The Federal Government has signed an Interconnected Mini-grid Acceleration Scheme (IMAS) award grant agreement with eight indigenous solar developers for the development of 23 mini-grids across 11 states of the federation.
The mini-grids are expected to generate a 5.4-kilowatt peak to connect about 27,600 households, and impact over 138,000 Nigerians in two years.
The €9.3 million project is being coordinated by the Rural Electrification Agency (REA), with support from the European Union and the German Government through the Nigerian Energy Support Programme (NESP).
Speaking at the grant award signing ceremony, on Thursday, the Minister of State, Power, Goddy Jedy-Agba, said the project is geared towards achieving Nigeria’s vision of generating at least 30,000 megawatts of electricity by 2030.
The minister commended the management of REA for its efforts and action towards ensuring power reaches the off-grid communities in the country.
He said: “According to the developed National Renewable Energy and Energy Efficiency Policy, the Vision 30:30:30 aims at achieving 30,000 megawatts of electricity by the year 2030, with renewable energy contributing 30% of the energy mix. To achieve this, Nigeria will have to construct over a thousand mini-grids of 100 kilowatts.”
Admitting that government cannot achieve the target alone, Jedy-Agba canvassed creative and innovative ways to achieve this, including collaborating with development partners and the private sector.
He said: “We understand that one of the major bottlenecks for the private sector’s involvement is financing, hence, the reason the NESP and REA have worked closely to develop and implement the Interconnected Mini-grid Acceleration Scheme.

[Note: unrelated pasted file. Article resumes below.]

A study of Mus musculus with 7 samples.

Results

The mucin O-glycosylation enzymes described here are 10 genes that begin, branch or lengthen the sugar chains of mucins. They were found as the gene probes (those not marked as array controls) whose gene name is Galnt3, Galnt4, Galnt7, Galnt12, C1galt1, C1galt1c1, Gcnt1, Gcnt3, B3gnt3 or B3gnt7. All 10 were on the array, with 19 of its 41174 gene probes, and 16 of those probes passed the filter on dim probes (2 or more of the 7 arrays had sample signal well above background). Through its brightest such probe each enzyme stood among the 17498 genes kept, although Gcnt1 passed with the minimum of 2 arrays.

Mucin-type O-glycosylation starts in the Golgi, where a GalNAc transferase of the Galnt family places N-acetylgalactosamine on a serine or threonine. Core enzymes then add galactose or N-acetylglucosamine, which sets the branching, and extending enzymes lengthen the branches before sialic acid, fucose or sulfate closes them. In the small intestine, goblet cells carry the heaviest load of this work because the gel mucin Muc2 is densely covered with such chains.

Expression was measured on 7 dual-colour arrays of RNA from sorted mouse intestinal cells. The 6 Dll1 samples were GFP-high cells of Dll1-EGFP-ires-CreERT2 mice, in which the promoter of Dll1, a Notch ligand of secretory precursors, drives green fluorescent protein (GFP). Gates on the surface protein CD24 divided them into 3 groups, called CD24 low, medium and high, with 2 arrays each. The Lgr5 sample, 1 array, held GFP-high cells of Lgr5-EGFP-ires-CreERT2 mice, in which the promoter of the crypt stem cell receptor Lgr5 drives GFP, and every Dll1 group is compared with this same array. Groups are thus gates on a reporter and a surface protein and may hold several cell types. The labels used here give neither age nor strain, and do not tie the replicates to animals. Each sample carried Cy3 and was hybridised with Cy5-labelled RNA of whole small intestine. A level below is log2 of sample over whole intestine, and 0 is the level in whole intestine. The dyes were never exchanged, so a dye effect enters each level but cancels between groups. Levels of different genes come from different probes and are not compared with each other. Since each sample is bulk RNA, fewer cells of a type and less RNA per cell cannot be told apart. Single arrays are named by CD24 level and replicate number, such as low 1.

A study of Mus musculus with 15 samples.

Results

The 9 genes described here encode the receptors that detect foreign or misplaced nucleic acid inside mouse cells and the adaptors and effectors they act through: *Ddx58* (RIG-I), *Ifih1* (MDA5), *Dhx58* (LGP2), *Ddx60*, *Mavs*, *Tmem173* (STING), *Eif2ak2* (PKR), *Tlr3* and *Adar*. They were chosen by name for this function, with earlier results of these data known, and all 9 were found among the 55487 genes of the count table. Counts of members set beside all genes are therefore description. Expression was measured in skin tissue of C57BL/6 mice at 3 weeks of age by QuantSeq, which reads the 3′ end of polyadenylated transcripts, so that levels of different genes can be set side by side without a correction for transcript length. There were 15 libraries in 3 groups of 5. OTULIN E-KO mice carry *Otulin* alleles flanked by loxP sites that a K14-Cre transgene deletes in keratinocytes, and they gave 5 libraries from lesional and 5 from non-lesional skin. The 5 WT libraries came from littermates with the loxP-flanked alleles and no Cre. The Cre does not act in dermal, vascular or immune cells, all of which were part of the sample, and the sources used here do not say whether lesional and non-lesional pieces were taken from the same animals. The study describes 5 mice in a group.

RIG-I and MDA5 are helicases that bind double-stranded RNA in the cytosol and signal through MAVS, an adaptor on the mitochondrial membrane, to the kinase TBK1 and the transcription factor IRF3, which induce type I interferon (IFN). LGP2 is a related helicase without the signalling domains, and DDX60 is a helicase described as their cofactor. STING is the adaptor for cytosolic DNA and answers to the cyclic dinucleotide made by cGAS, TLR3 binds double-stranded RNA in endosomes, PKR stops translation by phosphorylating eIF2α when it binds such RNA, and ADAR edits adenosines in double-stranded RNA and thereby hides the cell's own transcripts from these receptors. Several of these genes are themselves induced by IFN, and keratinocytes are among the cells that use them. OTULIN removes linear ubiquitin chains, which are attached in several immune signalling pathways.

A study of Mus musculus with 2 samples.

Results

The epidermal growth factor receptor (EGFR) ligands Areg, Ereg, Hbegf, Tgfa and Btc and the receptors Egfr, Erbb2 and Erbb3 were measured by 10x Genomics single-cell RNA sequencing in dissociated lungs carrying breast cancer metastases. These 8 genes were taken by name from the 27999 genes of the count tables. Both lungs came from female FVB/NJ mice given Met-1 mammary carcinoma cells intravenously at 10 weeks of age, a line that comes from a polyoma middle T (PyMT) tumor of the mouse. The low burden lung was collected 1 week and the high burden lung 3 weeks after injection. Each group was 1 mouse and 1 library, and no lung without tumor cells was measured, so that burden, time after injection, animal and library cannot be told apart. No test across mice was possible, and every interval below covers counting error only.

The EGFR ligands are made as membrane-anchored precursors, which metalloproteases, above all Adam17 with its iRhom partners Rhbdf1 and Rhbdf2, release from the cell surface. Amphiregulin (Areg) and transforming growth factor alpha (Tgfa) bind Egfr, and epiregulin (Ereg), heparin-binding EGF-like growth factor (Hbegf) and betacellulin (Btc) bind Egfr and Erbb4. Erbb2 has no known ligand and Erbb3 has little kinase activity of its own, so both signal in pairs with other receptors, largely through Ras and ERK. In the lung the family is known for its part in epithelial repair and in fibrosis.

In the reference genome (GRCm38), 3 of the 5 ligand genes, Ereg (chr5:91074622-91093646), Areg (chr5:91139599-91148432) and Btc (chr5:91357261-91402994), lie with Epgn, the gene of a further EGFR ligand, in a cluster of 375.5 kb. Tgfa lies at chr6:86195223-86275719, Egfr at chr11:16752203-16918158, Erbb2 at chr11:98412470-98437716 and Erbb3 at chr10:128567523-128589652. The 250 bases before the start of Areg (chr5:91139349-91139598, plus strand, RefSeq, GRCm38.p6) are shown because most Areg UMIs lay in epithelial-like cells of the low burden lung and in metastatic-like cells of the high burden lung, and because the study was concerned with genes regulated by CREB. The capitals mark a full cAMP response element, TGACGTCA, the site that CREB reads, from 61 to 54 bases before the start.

“The eight local solar mini-grid developers, Acob Lighting Technology Limited, Gve Projects, Nayo Tropical Technology Limited, Rubitec Nigeria Limited, Darway Coast Nigeria Limited, and Havenhill Synergy Limited. Also, Sosa-Protergia Joint Development Company Limited, and A4&T Power Solutions Limited will receive in-kind grants through REA with support of the European Union and the German Government within the framework of the NESP.
“These eight solar mini-grid developers will develop 23 mini-grids across eleven states which include, Zamfara, Niger, Plateau, Kwara, Kogi, Osun, Ogun, Lagos, Delta, Anambra, and Cross River, the indigenous developers.”
We understand that one of the major bottlenecks for the private sector’s involvement is financing, hence, the reason the NESP and REA have worked closely to develop and implement the Interconnected Mini-grid Acceleration Scheme.
Earlier, the Managing Director of REA, Ahmad Salihijo Ahmad, said the scheme is aimed at bridging the funding gap, which is affecting indigenous developers in the renewable energy sector.
Ahmad said: “It is our hope that the signatures we put down today in these documents set a precedent for the new and improved power and energy sector in Nigeria. As an agency, we encourage investors to explore the solar mini-grid sector. However, one major constraint to this is usually financing.
“This is why the Rural Electrification Agency, with the support of NESP, is working together to alleviate this bottleneck. We do this by providing in-kind grants to selected mini-grid developers on favourable and encouraging terms as contained in the Grant Agreement.
“The main objective of the intervention is to design and test a tender model for interconnected solar mini-grids, invariably leading to the foundation of the Scheme.
“The wonderful thing about the iMAS project is that we have ensured that all the developers are Nigerians. This is to say that the Nigerian energy sector has come a long way from what it used to be and we are proud of this.”
Head of programme, NESP, Benjamin Duke, on his part, assured that his team will continue to work to build investors’ confidence in the sector by developing an accurate electricity market intelligence that will provide investors with accurate data about the country’s electricity needs.